New Jersey Department of Education

New Jersey's Teacher of the Year for 2017-18

For Immediate Release
Contact: David Saenz
Date: October 4, 2017

Trenton, NJ – Today, the New Jersey Department of Education announced that Amy T. Andersen, a high school American Sign Language (ASL) teacher at Ocean City High School in Cape May County, has been named the 2017-18 New Jersey State Teacher of the Year.

"I am excited to announce Amy T. Andersen as New Jersey's State Teacher of the Year and celebrate the life-changing impact she has had on her students and in her school," said Education Commissioner Kimberley Harrington, who introduced Amy at today's meeting of the State Board of Education. "Amy's dedication to her students, and how she teaches them to expand their perspectives and discover new ways to express themselves, will be shared throughout the state."

Amy, who was named the 2017-18 Cape May County Teacher of the Year last month, grew up in Cape May County. She earned a bachelor's degree in flute performance from Indiana University and a master's degree in deaf education from McDaniel College. Andersen also achieved national board certification in Exceptional Needs Specialist: Deaf/Hard of Hearing.

After nine years in Boston, Massachusetts as a teacher of the deaf, she returned to New Jersey in 2004 to raise a family. It was then, with 42 students, that Andersen began the ASL program at Ocean City High School. It has since grown to 130 students under her tutelage. Community oriented activities, such as ASL socials at local coffee shops and evening performances that raise funds for scholarships immerse students in deaf and hard of hearing culture helping them to build confidence. In the past three years alone, more than 85 percent of her students have achieved the New Jersey Seal of Biliteracy. Her popular and respected program has inspired a number of students to pursue ASL-related careers.

Amy began her career teaching deaf children to fall in love with reading, and now teaches hearing children to fall in love with ASL. She is a nationally recognized educator, who was named the Ocean City School District's 2014 ASL Teacher of the Year and was honored by the New Jersey Association for the Deaf and Atlantic County Society for the Deaf. In 2015, the television program "Classroom Close-Up NJ" highlighted her program after her students' ASL anti-bullying video went viral. As the 2016-17 Ocean City High School Teacher of the Year, Amy T. Andersen was featured in the New Jersey School Board Association's School Leader magazine and was recently honored by the National Liberty Museum with the Teacher as Hero: Exceptional Teacher Award.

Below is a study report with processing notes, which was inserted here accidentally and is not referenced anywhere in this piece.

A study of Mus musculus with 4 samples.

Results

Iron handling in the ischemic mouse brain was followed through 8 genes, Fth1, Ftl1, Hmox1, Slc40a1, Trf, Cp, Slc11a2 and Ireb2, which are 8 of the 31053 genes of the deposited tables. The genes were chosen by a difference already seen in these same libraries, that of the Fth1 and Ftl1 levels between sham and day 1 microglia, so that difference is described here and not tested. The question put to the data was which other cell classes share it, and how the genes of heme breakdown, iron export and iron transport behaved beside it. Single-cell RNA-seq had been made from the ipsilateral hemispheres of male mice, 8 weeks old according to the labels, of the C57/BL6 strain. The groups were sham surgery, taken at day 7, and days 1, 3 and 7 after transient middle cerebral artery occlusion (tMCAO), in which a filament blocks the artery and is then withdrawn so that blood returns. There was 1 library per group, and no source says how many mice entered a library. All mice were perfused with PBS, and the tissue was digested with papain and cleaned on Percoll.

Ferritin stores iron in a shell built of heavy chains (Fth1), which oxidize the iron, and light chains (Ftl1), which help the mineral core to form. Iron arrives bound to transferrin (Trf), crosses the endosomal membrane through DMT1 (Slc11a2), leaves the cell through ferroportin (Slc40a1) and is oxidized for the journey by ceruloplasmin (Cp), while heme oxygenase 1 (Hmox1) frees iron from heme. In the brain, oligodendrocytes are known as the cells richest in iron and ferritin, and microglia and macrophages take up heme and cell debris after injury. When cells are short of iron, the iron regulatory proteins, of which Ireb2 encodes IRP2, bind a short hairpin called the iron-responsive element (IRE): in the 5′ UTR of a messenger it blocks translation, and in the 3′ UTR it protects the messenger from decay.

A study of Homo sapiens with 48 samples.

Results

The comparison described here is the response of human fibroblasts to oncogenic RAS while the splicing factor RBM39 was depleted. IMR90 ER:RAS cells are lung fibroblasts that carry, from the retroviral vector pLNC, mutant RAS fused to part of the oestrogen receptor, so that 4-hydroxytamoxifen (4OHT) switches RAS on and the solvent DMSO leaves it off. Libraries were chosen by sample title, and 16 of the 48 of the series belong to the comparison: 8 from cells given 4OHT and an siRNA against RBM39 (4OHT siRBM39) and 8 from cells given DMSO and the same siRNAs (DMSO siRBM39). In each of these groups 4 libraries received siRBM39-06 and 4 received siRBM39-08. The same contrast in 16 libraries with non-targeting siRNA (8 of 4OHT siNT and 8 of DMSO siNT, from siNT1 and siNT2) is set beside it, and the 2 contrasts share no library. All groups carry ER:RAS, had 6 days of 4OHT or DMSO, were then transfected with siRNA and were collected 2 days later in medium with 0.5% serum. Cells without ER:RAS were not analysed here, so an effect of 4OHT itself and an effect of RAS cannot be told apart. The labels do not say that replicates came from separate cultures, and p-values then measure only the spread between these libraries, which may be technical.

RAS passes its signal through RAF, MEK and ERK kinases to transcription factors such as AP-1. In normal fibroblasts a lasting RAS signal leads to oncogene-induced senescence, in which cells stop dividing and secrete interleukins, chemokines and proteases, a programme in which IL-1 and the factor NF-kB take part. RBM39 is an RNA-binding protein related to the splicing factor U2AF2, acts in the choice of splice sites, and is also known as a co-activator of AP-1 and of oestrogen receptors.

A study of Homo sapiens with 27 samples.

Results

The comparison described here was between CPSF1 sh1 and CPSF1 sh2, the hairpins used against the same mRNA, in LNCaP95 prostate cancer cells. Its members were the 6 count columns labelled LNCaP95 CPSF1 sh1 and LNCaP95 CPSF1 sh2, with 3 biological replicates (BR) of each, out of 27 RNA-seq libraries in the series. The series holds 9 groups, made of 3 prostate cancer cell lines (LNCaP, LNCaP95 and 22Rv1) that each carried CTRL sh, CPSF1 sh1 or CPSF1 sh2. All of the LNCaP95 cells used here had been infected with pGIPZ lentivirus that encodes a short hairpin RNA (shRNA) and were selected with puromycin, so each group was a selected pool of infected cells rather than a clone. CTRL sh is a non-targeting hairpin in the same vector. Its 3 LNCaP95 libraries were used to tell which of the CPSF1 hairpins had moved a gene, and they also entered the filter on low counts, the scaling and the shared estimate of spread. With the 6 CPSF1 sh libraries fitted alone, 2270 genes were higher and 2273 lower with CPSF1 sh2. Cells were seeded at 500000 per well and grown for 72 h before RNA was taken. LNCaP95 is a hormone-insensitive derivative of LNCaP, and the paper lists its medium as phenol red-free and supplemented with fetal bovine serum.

"Students learn, through experience, that the deaf community is actually a culture. I find that my students experience a shift in perspective and gain more respect for the deaf, the more and more they work within the community," said Ms. Andersen. "My hope is that my students continue to apply this sense of empathy in all aspects of their lives. I know not all of my students will choose to make ASL a career, but I try to impart on them that no matter what they choose to do in the future, they should leave a positive mark on society. They have a unique path, a unique story, a voice that is valuable."

"Amy truly exemplifies the definition of a teacher by taking a holistic approach to teaching ASL to her students," said Dr. Kathleen Taylor, Superintendent of the Ocean City School District. "She values a quality education for all students and finds ways to engage them outside of her classroom walls through exciting ASL-related activities. Her enthusiasm, knowledge, and connectivity with both the hearing and deaf communities have opened up a whole new world to her students. As an inspiration to our community, Amy is making a real difference in the lives of students. We are just so proud of all of Amy's accomplishments and the impact she has on our students, school and community."

In her role as State Teacher of the Year, Amy T. Andersen will work closely with the New Jersey Department of Education, give presentations around the state and participate in national activities, including an opportunity to meet the President of the United States.

The six other finalists for the State Teacher of the Year were also recognized at today's State Board meeting. They achieved the highest scores on their written applications and videos, and then reported for an interview that consisted of a performance assessment and a question-and-answer session. They include: Mimma-Marie Cammarata, an Italian teacher at Sterling High School, Sterling; Kristy DeFazio, a fourth grade elementary school teacher at James J. Flynn Elementary School, Perth Amboy; Nicole Petrosillo, an English Language Arts teacher at West Milford Township High School, West Milford Township; Diane Phares, an art teacher at Mount Olive High School, Mount Olive Township; Kristina Phelan, a kindergarten through second grade reading teacher at Mahala F. Atchison Elementary School, Tinton Falls; and Domenick Renzi, a basic skills mathematics teacher at Wedgwood Elementary School, Washington Township.

Additional information can be found on the Governor's Educator of the Year webpage.